I was diagnosed with tuberculosis in March 2017. I was 24, a lawyer by training and working as a graduate fellow at a university in Bangalore. Due to ineffective treatment my disease progressed and a few months later, in July 2017, I was diagnosed with multidrug-resistant tuberculosis or MDR-TB.

The gruelling treatment for MDR-TB normally carries on for two years. Depression is one of the many insidious side effects associated with MDR-TB treatment. For instance, one drug has been associated with depression and anxiety. Some doctors may not disclose this fact to patients, families have trouble understanding the effect on patients and patients themselves struggle with it everyday.

The psychosocial reality of TB patients in India is largely one of isolation and despair. Yet, there is hardly any conversation on this subject. The stigma attached to both mental illness and TB allows for the creation of this dome of silence and loneliness in which patients are often trapped. People do not ask and the patient does not tell.

When faced with an illness, evolutionary imperative dictates that you fight for your life, but what do you do when one illness consumes your body and the other consumes your will to live? TB is physically and emotionally consuming. Depression, in a way, is also a kind of consumption. It does not cause muscle wastage but it induces existential wastage. It consumes your will to move, speak, eat, laugh, breathe.

Many manifestations of depression

In the months I have spent with depression, I have encountered its various manifestations. Some days it has me lying motionless and soundless. I play dead in the futile hope that it will leave me alone. On other days it starts as a slow drizzle of fear – precipitations of past traumas – that gives way to a deluge of terror when I realise that I am a prisoner in my own mind. On some days depression manifests itself as lack of feeling and on other days it is a leaden feeling of loss. Depression is a wonderful anaesthetic but a lousy painkiller.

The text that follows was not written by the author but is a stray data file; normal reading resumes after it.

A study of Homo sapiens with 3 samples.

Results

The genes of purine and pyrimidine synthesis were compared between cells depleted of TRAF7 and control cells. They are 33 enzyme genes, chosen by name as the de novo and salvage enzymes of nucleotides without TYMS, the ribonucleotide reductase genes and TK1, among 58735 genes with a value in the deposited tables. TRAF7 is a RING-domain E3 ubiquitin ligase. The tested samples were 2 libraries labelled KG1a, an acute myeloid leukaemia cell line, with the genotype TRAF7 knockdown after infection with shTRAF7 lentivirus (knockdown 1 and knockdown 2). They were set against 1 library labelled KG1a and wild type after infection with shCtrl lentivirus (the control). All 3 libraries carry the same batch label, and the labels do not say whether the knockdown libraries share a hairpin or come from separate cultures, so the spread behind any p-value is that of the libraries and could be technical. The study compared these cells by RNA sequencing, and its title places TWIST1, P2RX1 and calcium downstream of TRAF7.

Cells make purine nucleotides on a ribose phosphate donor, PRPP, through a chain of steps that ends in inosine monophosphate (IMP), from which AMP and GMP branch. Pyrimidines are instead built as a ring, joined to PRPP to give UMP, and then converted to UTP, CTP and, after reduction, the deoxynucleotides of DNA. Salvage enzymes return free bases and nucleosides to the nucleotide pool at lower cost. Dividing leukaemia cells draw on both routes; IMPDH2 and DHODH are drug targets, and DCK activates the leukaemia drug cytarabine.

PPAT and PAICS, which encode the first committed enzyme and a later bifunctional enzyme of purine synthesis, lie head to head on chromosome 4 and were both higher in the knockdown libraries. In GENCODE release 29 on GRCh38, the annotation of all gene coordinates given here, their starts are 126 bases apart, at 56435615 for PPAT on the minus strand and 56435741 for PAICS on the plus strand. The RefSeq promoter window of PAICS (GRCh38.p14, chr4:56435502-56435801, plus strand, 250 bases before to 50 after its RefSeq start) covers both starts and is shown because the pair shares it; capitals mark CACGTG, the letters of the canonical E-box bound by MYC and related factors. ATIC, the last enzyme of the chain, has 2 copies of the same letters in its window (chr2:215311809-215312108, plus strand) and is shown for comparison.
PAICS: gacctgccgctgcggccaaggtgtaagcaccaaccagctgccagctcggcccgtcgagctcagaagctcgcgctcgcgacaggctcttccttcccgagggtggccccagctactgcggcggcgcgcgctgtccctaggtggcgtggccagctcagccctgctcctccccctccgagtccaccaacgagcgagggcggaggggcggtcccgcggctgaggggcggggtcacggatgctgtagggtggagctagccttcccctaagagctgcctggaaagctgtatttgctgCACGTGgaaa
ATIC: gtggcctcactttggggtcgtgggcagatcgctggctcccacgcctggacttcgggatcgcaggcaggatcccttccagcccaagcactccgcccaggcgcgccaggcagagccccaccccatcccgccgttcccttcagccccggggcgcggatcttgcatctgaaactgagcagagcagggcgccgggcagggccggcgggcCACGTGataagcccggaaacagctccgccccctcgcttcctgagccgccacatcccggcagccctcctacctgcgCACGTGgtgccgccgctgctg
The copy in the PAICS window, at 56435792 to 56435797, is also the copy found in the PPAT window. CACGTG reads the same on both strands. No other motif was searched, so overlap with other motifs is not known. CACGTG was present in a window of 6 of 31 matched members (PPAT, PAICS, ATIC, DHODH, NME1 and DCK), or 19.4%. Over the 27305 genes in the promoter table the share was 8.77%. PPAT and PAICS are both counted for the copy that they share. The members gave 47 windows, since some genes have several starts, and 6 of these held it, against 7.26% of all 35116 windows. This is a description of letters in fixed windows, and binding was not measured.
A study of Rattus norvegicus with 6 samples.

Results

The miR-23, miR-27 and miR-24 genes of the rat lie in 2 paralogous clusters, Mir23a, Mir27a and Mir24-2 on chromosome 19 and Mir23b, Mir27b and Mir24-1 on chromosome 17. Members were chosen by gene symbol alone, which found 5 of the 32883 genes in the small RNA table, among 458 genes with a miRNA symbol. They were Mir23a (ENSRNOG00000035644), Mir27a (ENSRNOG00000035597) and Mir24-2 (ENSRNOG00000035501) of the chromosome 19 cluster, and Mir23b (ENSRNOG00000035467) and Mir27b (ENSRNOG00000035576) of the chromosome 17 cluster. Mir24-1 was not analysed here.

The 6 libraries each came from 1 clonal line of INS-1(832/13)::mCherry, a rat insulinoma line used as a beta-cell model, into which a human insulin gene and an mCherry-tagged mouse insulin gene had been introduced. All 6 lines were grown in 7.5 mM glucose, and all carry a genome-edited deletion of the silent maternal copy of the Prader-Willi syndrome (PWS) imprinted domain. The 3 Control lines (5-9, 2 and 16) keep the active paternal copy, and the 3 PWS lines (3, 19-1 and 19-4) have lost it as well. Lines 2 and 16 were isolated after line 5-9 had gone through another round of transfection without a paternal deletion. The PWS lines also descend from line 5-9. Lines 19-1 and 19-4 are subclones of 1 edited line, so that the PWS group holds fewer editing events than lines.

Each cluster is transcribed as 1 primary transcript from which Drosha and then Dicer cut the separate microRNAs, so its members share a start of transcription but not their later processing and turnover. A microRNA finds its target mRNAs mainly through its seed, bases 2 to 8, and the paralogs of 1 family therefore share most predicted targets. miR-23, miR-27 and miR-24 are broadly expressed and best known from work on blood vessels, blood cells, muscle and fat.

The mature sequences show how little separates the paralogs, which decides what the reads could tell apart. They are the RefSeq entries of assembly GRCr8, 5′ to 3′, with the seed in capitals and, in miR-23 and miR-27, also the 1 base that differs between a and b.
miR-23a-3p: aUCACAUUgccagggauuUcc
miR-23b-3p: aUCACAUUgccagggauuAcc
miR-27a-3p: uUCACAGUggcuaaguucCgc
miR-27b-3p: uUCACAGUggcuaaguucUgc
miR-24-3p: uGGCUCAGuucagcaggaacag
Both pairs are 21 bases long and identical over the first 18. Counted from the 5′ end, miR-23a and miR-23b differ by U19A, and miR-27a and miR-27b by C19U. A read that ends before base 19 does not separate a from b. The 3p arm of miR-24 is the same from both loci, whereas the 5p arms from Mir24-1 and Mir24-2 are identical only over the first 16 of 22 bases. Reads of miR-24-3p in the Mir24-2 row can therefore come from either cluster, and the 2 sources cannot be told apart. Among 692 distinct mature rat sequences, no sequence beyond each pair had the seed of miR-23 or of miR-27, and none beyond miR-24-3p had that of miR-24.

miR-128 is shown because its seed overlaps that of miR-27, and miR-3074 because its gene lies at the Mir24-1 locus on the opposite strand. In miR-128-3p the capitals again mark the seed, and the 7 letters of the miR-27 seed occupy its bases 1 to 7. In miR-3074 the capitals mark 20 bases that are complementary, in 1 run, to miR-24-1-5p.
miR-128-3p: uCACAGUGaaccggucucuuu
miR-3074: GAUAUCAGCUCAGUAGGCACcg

In conversations about depression, specifically in association with chronic physical illness, it is often written off as a minor fallout of the physical illness. Depression and mental exhaustion are written off as easily manageable concerns. Patients are asked to be positive, optimistic, hopeful even though the drugs are bringing them down. While cultivating a hopeful outlook is important for recovery, it is not enough. Not surprisingly, TB patients struggling with depression are more likely to experience difficulty in complying with TB treatment.

I have scars on my body from the injections that were administered as part of my MDR-TB treatment. I have no equivalent proof for my existential consumption. Depression’s ingenuity lies in leaving scars in places that nobody can see.

Depression confiscates everything: hope, happy memories, love, reality, and vitality. All that it leaves you with is nothingness.

How do you obliterate nothingness? You cannot – you can only try to fill it up.

Support through the struggle

I am fortunate enough to have a tribe of people – my family, my doctor, my therapist, my friends and colleagues – supporting me through my TB treatment and the depression. I alerted my caregivers to what I was going through so I had a safety net in place. I had conversations with my doctor about the possibility of temporary relief from the drug that is associated with depression. I reached out to survivor-led initiatives such as Survivors Against TB for tactical advice on managing the debilitating side effects of the treatment.

My struggle continues. I have about six months of MDR-TB treatment ahead of me. I was privileged enough to have the means to get help, but what about those who can neither access nor afford help? In the absence of a comprehensive treatment regimen, one that incorporates free counselling as an integral element, TB patients in India are left to their own devices.

There cannot be any one size fits all approach when it comes to dealing with depression or mental illness of any kind. There can also be no substitute for professional help. However, the one thing that resonates universally is that depression thrives on isolation and flourishes in silence. Do not suffer in silence. Do not go it alone.

Disclaimer: This is the writer’s personal experience and not representative of the experiences of all MDR-TB patients. This is not intended as a substitute for medical/therapeutic advice or to undermine existing TB treatments. If you are a TB patient and/or suffer from depression, it is extremely important to get help and comply with your treatment. Any changes in treatment must be undertaken only after consulting with a doctor.